Two childhood friends, a New York hairstylist and a would-be musician, get caught up with the mob and are forced to deliver $50,000 to Australia, but things go haywire when the money is lost to a wild kangaroo.
A comedy that follows the misadventures of two friends from Brooklyn who are forced to deliver mob money to Australia. While taking pictures of a kangaroo, one of them places his red jacket on it. When the wild kangaroo bounces off, they realize the mob money is in the jacket and are forced to give chase through the Outback. Written by
Sujit R. Varma
Trailers for the movie emphasized the tacked-on "talking kangaroo" scene, which gave audiences a false impression that this was a family film involving a talking kangaroo. Posters also emphasized the kangaroo. The misleading publicity is often credited with the film's achieving the #1 box office spot on opening weekend; industry observers said later that if the film had been more honestly portrayed as what it was, as a gangster comedy with fairly adult humor, it probably would have failed. The film had dismal reviews from critics and considerable backlash from audiences who felt they had been tricked. There was a direct-to-DVD sequel that was more in line with what was promised by trailers, as it was an animated family comedy. See more »
When Charlie and Louis leave the crash site, their shadows are to their exact left, but when confronted by dingos, the ground level shot shows their shadows to be to their precise right, indicating that they are walking back the way they just came. See more »
Written by James Brown & Robert Ginyard
Performed by Romeo Miller (as Lil' Romeo) (featuring Master P)
Courtesy of No Limit Records/Universal Records
Under license from Universal Music Enterprises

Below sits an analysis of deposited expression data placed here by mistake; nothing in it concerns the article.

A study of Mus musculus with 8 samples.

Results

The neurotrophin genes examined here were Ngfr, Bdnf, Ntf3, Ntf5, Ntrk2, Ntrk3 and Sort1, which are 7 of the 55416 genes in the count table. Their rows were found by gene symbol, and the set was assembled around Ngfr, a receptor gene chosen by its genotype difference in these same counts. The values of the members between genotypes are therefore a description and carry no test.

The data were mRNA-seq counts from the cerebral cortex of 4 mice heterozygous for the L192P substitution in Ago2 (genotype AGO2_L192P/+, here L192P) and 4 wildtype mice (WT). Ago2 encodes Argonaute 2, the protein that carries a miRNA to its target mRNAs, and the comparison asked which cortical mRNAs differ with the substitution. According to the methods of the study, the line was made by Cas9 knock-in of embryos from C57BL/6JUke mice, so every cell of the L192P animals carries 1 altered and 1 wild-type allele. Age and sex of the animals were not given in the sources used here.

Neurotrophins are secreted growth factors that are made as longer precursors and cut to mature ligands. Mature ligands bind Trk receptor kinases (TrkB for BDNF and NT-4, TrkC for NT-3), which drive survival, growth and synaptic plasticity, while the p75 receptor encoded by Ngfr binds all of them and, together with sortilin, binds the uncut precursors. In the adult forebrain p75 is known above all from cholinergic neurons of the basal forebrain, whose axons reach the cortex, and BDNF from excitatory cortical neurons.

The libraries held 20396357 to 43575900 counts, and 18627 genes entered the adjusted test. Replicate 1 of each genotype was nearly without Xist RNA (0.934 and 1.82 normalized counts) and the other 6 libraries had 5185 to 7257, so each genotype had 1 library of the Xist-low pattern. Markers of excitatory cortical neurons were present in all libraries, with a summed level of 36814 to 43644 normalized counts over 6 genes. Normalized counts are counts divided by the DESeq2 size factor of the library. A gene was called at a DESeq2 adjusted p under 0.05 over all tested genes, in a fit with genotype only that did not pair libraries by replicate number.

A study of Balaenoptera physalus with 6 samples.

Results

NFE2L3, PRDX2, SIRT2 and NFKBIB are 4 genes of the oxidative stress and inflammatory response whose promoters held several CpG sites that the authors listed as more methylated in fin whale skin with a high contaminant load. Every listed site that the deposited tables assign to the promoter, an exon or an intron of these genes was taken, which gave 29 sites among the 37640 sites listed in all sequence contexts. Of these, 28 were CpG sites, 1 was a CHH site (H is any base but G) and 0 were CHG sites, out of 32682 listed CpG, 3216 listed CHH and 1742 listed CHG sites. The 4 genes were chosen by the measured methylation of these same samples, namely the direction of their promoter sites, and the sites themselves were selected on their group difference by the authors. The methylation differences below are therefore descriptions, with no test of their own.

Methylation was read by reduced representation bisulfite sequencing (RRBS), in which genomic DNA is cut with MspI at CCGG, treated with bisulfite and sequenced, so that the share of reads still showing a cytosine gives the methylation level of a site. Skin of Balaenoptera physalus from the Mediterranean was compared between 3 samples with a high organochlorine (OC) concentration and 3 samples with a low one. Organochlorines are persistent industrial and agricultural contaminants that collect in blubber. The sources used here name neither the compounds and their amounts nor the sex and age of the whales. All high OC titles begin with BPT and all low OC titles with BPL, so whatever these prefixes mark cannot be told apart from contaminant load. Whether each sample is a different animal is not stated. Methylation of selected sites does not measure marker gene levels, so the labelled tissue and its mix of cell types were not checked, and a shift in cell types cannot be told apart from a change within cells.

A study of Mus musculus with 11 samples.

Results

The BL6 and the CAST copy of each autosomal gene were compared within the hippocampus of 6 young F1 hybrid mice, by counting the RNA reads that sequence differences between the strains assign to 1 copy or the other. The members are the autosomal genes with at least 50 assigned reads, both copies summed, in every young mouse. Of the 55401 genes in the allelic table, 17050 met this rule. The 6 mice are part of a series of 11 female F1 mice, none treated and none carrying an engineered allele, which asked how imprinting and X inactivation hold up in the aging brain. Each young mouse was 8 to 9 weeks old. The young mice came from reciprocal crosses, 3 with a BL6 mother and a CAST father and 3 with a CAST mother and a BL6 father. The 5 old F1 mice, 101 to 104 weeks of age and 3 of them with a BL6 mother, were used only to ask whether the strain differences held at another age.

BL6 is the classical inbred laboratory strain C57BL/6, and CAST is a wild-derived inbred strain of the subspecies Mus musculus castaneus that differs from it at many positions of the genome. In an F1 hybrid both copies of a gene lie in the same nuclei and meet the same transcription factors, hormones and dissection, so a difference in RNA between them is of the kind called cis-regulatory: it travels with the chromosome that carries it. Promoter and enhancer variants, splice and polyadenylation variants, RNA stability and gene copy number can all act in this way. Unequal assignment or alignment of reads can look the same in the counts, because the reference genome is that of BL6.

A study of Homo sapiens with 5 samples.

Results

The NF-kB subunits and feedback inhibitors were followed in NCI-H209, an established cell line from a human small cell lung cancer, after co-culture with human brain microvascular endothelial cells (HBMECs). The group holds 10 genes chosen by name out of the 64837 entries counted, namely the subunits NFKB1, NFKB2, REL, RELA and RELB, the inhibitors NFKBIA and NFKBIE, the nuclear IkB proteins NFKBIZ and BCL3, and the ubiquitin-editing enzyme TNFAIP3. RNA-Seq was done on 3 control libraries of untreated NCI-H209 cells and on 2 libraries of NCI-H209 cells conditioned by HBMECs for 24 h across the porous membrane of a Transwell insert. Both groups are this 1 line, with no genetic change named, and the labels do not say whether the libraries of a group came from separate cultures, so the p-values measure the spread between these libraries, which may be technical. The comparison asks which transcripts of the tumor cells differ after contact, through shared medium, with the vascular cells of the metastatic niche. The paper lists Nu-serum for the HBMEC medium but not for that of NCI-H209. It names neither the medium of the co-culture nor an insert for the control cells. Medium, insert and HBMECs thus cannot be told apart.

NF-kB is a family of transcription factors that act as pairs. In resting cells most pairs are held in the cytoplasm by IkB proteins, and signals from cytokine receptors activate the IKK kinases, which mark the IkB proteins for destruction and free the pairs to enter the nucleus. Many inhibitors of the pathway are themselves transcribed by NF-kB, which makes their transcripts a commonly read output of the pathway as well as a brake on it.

Contains a sample of "Think About It"
Performed by Lyn Collins
Courtesy of Universal Records
Under license from Universal Music Enterprises See more »
Producer Jerry Bruckheimer adapts his buddy formula for the adolescent set and the result is pretty much what you'd expect from him: an attempt to push the envelope by delivering enough sex and violence to titillate the pre-teens who are likely to be the primary audience and who will know something funky's going on even if they don't get it. Other than that, there's really nothing left to comment on in this chase comedy about a kangaroo that's holding fifty thousand dollars worth of mob money in the Australian outback. It's not bad, necessarily (the kids will love it and the digital effects as far as the kangaroo is concerned are okay), but it's not good either: everything wallows in mediocrity, from the unfunny script (by Steve Bing and Scott Rosenberg, one of the writers of `High Fidelity') that can't even provide decent scatological humor to David NcNally's faceless direction to the blank performances by leads Jerry O'Connell, Anthony Anderson and Estella Warren. Even the chase scenes drone on and on. About the only things of interest are wondering how low Christopher Walken can go for a paycheck and marveling at Dyan Cannon's remarkable sixty-five year old body (even though she's only in the movie about fifteen seconds).